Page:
After spending most of the summer travelling around and training in central Europe, some of the most obvious cultural differences only become apparent upon coming home.

As an athlete and a media manager, I am online virtually all day. If it’s not for work-related research or projects, it’s for my personal promotion and browsing. I spend a lot of time every day looking through social media and consciously noticing trends in products, lifestyles and politics. During the day, before and after sessions, if I have nothing to do and there isn’t any stimulating conversation circulating around the training group, my immediate reflex is to pick up my phone. I am highly exposed, all the time, to places and people that are not in my immediate environment. Social media is one powerful version of these things.

I recently raced at the British championships in London. In a sports environment, my online habits are not unusual – in fact, they are probably more modest than a lot of people surrounding me in the cafes, watersports centre and public transport. Everyone has a mobile device; it isn’t a tool limited to a certain place. It is on you constantly, so it’s more of an extension of yourself than a means of communication. In Britain, we have an expectation that if we call someone, they will pick up or be available in some way. 

That’s where it hit me: during our whole time in Europe, I obviously had work and personal promotion obligations that required me to be online at certain times in the day. But in Slovakia, it is not as normal or polite to sit on your phone in public. Sure, if you have a phone and it rings, you pick it up. However, the knee-jerk reaction to social silence is not to then fill it with abstract information about other people and places in the world. People don’t just sit on their phones. I can actually remember leaving for whole days of training and socialising without taking my mobile with me – which would be extremely unusual for me in Britain. It is even more apparent when I look back on our training camp in the French Alps. There was a lack of internet, which I think helped the situation, but nowadays almost everybody with a contract phone has some kind of access to mobile data. I don’t think I saw a single smartphone for the whole time we were in L’Argentiere, which upon reflection seems unusual given the current British culture of ‘if it’s not on Instagram, it didn’t happen’.

Something I’ve always found interesting about social media is the need for ‘quick-satisfaction’ information. Pictures, videos and other posts are more successful when they have an extremely quick ‘grab’ – something to catch your attention, that is probably relevant to your life and interests – and then a relatively quick satisfaction rate. In videos, the satisfaction rate is at the conclusion of the video, when a problem is solved or a story finished.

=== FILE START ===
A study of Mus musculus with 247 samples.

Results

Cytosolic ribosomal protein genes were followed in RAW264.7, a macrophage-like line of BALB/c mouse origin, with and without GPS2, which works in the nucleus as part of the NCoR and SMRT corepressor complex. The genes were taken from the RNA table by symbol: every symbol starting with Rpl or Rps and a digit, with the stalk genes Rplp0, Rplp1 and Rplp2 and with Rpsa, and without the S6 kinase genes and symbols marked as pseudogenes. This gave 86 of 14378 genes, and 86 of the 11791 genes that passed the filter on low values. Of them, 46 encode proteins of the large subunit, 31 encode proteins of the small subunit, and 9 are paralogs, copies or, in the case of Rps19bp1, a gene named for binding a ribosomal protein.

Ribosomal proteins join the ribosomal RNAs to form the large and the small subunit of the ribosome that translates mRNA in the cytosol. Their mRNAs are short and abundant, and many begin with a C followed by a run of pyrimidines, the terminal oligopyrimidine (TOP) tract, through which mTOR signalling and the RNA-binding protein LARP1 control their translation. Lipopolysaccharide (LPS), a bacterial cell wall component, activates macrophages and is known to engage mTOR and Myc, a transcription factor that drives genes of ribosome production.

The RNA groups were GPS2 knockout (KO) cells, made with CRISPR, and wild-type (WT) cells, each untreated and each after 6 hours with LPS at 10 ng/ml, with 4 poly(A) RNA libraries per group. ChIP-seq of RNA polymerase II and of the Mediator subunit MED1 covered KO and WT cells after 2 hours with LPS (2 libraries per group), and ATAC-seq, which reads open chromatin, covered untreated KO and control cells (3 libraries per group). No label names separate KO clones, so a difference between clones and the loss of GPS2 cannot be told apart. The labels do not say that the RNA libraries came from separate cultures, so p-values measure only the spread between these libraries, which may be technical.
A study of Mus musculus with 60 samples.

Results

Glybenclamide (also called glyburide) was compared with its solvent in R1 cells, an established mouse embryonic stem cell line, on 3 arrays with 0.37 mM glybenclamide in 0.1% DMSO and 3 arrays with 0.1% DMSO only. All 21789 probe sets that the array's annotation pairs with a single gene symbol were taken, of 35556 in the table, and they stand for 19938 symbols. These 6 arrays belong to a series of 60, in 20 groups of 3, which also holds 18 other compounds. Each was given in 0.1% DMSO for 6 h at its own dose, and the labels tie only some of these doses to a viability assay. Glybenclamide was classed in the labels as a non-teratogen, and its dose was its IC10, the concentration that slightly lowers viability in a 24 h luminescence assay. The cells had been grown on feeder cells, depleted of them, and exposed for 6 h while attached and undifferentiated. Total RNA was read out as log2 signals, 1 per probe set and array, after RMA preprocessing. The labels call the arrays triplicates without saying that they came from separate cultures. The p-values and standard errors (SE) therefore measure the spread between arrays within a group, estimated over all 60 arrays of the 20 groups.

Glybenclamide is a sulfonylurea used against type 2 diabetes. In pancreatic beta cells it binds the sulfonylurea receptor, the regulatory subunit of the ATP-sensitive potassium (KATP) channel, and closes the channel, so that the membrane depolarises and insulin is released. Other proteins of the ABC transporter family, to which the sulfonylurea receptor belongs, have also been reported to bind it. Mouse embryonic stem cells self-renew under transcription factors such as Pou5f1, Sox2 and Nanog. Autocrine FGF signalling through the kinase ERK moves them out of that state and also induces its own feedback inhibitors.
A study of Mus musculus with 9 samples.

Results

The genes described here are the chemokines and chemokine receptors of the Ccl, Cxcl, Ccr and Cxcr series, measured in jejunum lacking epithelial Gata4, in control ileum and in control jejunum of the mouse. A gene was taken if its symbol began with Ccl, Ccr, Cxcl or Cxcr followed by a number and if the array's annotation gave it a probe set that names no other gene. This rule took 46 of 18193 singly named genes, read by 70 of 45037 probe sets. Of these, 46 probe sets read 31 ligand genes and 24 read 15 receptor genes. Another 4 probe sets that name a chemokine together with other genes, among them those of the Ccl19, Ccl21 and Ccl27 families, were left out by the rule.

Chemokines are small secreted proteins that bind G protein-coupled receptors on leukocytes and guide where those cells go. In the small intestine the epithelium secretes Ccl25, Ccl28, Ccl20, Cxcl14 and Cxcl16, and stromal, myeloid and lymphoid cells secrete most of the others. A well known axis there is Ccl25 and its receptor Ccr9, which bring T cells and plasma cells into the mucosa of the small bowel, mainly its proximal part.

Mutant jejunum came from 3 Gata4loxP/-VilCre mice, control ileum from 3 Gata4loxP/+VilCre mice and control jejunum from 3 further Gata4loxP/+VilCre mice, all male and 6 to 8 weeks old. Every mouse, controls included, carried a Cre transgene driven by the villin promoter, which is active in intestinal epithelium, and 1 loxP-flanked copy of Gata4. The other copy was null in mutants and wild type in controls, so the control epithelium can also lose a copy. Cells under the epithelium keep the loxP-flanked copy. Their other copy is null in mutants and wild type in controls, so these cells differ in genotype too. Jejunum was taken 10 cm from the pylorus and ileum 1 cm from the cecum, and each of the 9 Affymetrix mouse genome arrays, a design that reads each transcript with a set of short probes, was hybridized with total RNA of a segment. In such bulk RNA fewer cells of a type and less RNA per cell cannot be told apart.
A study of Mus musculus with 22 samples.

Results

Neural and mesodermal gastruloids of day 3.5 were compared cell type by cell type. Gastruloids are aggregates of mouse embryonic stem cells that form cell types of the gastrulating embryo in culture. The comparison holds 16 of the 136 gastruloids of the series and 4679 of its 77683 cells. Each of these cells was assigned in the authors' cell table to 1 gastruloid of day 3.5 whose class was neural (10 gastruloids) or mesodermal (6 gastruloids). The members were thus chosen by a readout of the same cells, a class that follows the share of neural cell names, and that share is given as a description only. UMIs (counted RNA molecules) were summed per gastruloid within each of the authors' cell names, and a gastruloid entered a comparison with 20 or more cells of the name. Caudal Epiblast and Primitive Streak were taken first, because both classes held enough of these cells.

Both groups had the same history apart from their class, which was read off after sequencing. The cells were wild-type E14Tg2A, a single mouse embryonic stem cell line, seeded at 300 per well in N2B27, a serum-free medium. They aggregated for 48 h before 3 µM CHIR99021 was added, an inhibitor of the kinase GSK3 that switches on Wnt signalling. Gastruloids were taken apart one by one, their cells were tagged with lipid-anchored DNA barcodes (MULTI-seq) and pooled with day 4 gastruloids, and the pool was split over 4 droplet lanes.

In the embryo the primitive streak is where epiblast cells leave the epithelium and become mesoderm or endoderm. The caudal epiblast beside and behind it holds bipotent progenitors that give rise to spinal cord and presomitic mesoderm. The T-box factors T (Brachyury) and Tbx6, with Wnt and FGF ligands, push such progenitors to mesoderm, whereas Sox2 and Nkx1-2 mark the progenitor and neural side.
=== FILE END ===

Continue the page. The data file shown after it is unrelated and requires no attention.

When you compare this kind of satisfaction rate to other rewarding activities such as reading, outdoor sports and real-life conversation, it is unbelievably fast. I think that in Britain, this fast rate of ‘getting what you want’ from a single social interaction, such as swiping down your newsfeed on Facebook, is conditioning people to be less willing to participate for long stretches of time in other social activities that require commitment and effort to gain satisfaction.

The consistent factor in the places that we visited was the setting; Liptovsky Mikulaš and L’Argentiere La Besée are both mountain towns, with a high rate of tourism from around the world. Liptovksy is also a university town, which may explain why there seemed to be a slightly higher rate of mobile device use. London is a highly urbanised environment, with a huge amount of people in close proximity to one another. Perhaps social interaction at that point is a mix of being uninterested in your immediate surroundings, and too much effort to be aware of and communicate with the various people around you.

But I recently read an article that described the treatment of mobile devices in places like Japan, where it is less common to see people using them in public. In a culture where politeness and social ritual are key parts of society, mobile devices seem to have a much lower standing in importance. Perhaps in a culture that has a much higher awareness of how individuals communicate with one another, mobile devices in this context simply don’t fit in with person to person contact. Japan is one of the most densely populated places in the world. So why do people in London seem to have such a high attachment to their phones?

I think that mobile use in a lot of modern societies revolves around mostly social media and the internet. I also think that culturally, different forms of entertainment have different levels of importance. In mountain cultures, people seem to have grown up with and prefer being outside. I also think that this sort of culture enforces face to face interaction, and people are less likely to fall into the quick-satisfaction trap of regular internet browsing. In Britain, there is a resounding implication that social silence is a negative but inevitable thing. Social media occupies hands, attention and also satisfies an interactive need, without having to provide one side of the communication.

My experience of Slovakia showed me that social silence is inevitable and accepted, so an alternative occupation for hands and mind is unnecessary. In France, there was less than no time during the chaos of waking up, going for a session, getting lunch and tumbling through the day in a whirlwind of exhausting activity, for using a mobile phone. In that environment, social media just becomes laughably inane. But in my experience of London culture, it is relevant, easy, and completely normal to spend a lot of time, in company, on your phone.